Discourse 11 - Banner Protection

Dhajagga Paritta

[1]

Thus have I heard:

On one occasion the Blessed One was living near Savatthi at Jetavana at the monastery of Anathapindika. Then he addressed the monks saying, "O monks." — "Venerable Sir," said the monks by way of reply to the Blessed One. Thereupon he spoke as follows:

"Monks, I shall relate a former incident. There arose a battle between the Devas (gods) and Asuras. Then Sakka, the Lord of the devas, addressed the devas of the Tavatimsa heaven thus:

"'Happy ones, if the devas who have gone to the battle should experience fear or terror or suffer from hair standing on end, let them behold the crest of my own banner. If you do so, any fear, terror or hair standing on end arising in you will pass away.

"'If you fail to look up to the crest of my banner, look at the crest of the banner of Pajapati, King of gods. If you do so, any fear, terror or hair standing on end arising in you will pass away.

"'If you fail to look up to the crest of Pajapati, King of the gods, look at the crest of the banner of Varuna, King of the gods. If you do so, any fear, terror or hair standing on end arising in you will pass away.'

"Monks, any fear, terror or hair standing on end arising in them who look at the crest of the banner of Sakka... The Lord of the gods, of Pajapati... of Varuna... of Isana, the King of the gods, any fear terror or hair standing on end, may pass away, or may not pass away. What is the reason for this?

"Sakka, the Lord of gods, O monks, is not free from lust, not free from hate, not free from delusion, and is therefore liable to fear, terror, fright, and flight. I also say unto you O monks — if any fear, terror or hair standing on end should arise in you when you have gone to the forest or to the foot of a tree, or to an empty house (lonely place), then think only of me thus:

"'Such Indeed is the Blessed One, arahant (Consummate One), supremely enlightened, endowed with knowledge and virtue, welcome being, knower of worlds, the peerless trainer of persons, teacher of gods and men, the Buddha, the Blessed One.' Monks, if you think of me, any fear, terror, or standing of hair on end, that may arise in you, will pass away.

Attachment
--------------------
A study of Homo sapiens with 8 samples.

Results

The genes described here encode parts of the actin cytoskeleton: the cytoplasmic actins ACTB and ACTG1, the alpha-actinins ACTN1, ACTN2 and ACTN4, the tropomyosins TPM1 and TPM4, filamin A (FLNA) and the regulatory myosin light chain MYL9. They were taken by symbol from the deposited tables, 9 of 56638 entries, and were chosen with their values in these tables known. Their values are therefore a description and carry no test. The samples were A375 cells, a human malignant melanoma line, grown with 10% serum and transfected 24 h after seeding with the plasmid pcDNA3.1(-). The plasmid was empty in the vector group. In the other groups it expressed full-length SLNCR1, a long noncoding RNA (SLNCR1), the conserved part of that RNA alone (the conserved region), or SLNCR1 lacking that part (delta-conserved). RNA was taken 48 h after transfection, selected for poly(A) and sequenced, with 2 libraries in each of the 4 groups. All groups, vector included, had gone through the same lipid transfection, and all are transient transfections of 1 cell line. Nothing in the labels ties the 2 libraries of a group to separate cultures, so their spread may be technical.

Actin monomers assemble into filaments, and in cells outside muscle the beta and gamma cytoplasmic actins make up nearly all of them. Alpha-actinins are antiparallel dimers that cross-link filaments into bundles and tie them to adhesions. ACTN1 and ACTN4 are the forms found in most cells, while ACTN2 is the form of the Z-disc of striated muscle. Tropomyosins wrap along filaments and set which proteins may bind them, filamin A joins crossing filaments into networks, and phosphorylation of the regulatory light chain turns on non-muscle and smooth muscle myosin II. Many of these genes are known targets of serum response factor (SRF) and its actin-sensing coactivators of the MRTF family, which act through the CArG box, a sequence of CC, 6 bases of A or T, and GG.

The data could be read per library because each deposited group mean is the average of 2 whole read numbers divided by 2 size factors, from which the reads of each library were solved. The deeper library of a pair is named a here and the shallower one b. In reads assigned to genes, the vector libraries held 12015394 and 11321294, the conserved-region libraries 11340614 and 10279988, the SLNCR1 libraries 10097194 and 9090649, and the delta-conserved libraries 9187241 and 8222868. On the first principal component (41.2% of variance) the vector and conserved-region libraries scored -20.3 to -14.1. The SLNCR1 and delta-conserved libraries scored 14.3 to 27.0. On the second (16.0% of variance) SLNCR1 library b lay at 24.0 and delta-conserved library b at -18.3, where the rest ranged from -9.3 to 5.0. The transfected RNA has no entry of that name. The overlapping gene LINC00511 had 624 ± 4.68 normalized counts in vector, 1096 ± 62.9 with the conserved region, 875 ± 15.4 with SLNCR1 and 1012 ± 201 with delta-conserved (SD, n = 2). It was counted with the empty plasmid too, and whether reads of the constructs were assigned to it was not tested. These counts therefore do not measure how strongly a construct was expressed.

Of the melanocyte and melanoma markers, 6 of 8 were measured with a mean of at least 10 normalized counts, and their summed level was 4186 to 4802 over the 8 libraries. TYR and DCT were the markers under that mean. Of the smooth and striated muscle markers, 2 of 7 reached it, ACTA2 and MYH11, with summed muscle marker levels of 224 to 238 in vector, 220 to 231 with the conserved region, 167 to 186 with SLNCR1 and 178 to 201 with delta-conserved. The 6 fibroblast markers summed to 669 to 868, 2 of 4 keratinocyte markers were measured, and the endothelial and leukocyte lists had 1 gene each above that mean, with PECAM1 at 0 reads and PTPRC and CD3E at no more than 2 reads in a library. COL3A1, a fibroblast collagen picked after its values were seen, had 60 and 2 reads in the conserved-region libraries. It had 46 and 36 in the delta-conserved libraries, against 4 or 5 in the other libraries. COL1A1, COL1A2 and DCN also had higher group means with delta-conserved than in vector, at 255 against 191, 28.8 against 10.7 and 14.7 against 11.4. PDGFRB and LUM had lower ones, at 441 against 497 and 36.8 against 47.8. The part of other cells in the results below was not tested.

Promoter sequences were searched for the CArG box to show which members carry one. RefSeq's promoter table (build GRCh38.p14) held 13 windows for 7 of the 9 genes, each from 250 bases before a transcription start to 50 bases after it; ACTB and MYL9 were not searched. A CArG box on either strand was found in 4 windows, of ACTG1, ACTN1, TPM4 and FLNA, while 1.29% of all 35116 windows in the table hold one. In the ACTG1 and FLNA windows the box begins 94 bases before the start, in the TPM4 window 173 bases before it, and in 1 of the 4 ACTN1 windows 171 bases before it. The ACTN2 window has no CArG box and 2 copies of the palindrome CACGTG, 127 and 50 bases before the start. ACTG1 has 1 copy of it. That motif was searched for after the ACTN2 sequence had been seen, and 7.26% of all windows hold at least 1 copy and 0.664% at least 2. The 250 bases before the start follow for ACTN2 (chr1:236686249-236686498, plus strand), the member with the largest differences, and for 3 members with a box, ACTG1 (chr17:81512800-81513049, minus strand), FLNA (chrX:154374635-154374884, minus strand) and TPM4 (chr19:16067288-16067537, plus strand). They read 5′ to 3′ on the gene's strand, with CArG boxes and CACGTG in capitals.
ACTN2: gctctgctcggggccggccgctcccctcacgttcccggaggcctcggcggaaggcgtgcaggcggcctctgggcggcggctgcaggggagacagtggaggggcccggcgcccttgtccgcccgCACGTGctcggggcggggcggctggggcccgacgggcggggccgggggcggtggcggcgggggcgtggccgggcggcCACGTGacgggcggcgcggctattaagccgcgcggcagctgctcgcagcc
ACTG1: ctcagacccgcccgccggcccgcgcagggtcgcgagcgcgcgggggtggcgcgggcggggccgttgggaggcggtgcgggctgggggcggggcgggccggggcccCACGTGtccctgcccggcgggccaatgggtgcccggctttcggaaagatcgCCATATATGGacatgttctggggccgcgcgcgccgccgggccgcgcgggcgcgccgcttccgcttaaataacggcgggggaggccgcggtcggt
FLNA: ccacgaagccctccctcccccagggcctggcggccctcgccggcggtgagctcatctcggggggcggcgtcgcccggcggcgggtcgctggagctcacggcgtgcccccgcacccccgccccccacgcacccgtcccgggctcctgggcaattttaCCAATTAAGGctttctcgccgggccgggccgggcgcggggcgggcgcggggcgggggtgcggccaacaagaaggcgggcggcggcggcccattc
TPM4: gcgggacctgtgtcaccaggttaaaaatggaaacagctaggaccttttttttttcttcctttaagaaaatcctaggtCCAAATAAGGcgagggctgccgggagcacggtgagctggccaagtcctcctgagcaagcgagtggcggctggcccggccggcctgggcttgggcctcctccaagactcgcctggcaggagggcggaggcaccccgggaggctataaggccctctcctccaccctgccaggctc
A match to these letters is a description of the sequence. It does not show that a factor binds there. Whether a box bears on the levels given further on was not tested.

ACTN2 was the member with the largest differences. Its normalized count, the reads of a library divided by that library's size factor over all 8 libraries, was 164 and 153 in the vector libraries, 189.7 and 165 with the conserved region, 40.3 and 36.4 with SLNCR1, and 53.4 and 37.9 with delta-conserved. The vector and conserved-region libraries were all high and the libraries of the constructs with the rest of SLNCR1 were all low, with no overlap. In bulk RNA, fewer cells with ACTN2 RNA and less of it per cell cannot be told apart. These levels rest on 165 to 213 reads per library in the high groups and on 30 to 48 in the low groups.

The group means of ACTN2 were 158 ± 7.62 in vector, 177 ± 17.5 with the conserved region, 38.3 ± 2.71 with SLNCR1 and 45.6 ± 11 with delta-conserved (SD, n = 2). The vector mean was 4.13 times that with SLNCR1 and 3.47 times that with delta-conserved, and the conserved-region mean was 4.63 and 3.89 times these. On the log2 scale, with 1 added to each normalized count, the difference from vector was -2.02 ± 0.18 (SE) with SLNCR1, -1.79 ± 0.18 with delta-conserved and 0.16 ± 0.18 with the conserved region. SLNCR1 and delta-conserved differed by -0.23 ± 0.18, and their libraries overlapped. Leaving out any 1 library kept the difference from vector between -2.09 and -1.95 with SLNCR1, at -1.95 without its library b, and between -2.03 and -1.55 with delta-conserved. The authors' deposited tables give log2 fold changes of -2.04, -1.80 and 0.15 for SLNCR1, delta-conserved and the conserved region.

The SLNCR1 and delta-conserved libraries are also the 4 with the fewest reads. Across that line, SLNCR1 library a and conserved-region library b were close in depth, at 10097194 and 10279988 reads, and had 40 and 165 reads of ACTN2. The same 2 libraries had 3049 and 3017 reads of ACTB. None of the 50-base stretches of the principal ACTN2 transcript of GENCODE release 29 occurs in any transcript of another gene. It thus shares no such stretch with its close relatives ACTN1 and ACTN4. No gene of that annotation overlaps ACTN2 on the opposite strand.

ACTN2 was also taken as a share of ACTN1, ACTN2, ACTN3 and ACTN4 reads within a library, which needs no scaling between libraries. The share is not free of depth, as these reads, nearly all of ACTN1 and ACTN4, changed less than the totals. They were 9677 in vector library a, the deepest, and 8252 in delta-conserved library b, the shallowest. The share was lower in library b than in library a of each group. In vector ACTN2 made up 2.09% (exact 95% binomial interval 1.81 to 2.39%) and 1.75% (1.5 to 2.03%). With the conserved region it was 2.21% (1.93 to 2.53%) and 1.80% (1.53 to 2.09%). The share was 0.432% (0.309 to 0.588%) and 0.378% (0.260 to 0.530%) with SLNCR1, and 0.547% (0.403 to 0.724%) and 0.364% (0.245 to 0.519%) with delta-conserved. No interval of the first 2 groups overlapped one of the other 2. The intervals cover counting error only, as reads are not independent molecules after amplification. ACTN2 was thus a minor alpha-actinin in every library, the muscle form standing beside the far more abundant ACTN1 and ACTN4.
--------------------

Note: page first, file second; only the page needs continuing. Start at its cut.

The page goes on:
"If you fail to think of me, then think of the Dhamma (the Doctrine) thus: 'Well expounded is the Dhamma by the Blessed One, a Dhamma to be realized by oneself and gives immediate results, a Dhamma which invites investigation and leads up to Nibbana, a Dhamma to be understood by the wise each for himself.' Monks, if you think of the Dhamma, any fear, terror or hair standing on end, that may arise in you, will pass away.

"If you fail to think of the Dhamma, then think of the Sangha (the Order) thus: 'Of good conduct is the Order of Disciples of the Blessed One, of upright conduct is the Order of Disciples of the Blessed One, of wise conduct is the Order of Disciples of the Blessed One, of dutiful conduct is the Order of Disciples of the Blessed One. This Order of Disciples of the Blessed One — namely those four pairs of persons,[2] the eight kinds of individuals[3] — is worthy of offerings, is worthy of hospitality, is worthy of gifts, is worthy of reverential salutations, is an incomparable field of merit for the world.' Monks, if you think of the Sangha, any fear, terror or hair standing on end, that may arise in you, will pass away. What is the reason for this? The Tathagata, O monks, who is arahant, supremely enlightened, is free from lust, free from hate, is free from delusion, and is not liable to fear, terror, fright or flight."

So said the Blessed One. Having thus spoken, the teacher, the "Welcome Being" (Sugata), further said:

i. Whether in forest or at foot of tree, Or in some secluded spot, O monks, Do call to mind that Buddha Supreme; Then will there be no fear to you at all. ii. If you think not of the Buddha, O monks, That Lord of the world and Chief of men, Then do think, O monks, of that Dhamma; So well preached and leading to Nibbana. iii. If you think not of the Dhamma, O monks Well preached and leading to Nibbana; Then do think, O monks, of that Sangha, That wonderful field of merit to all. iv. To those recalling the Buddha supreme, To those recalling the Dhamma sublime, And to those recalling the Sangha, No fear, no terror will make them quiver.

1.

S. i. 218.

2.

The four pairs of persons constitute the four kinds of aryan disciples who have attained the four paths and four fruits of sanctity (magga and phala), namely: sotapatti, "stream-entry"; sakadagami, "once-return"; anagami, "non-return"; and arahattha, arahantship, the fourth and the last stage at which all fetters are severed and taints rooted out.

3.

The above four pairs become eight when the Paths and Fruits are regarded separately.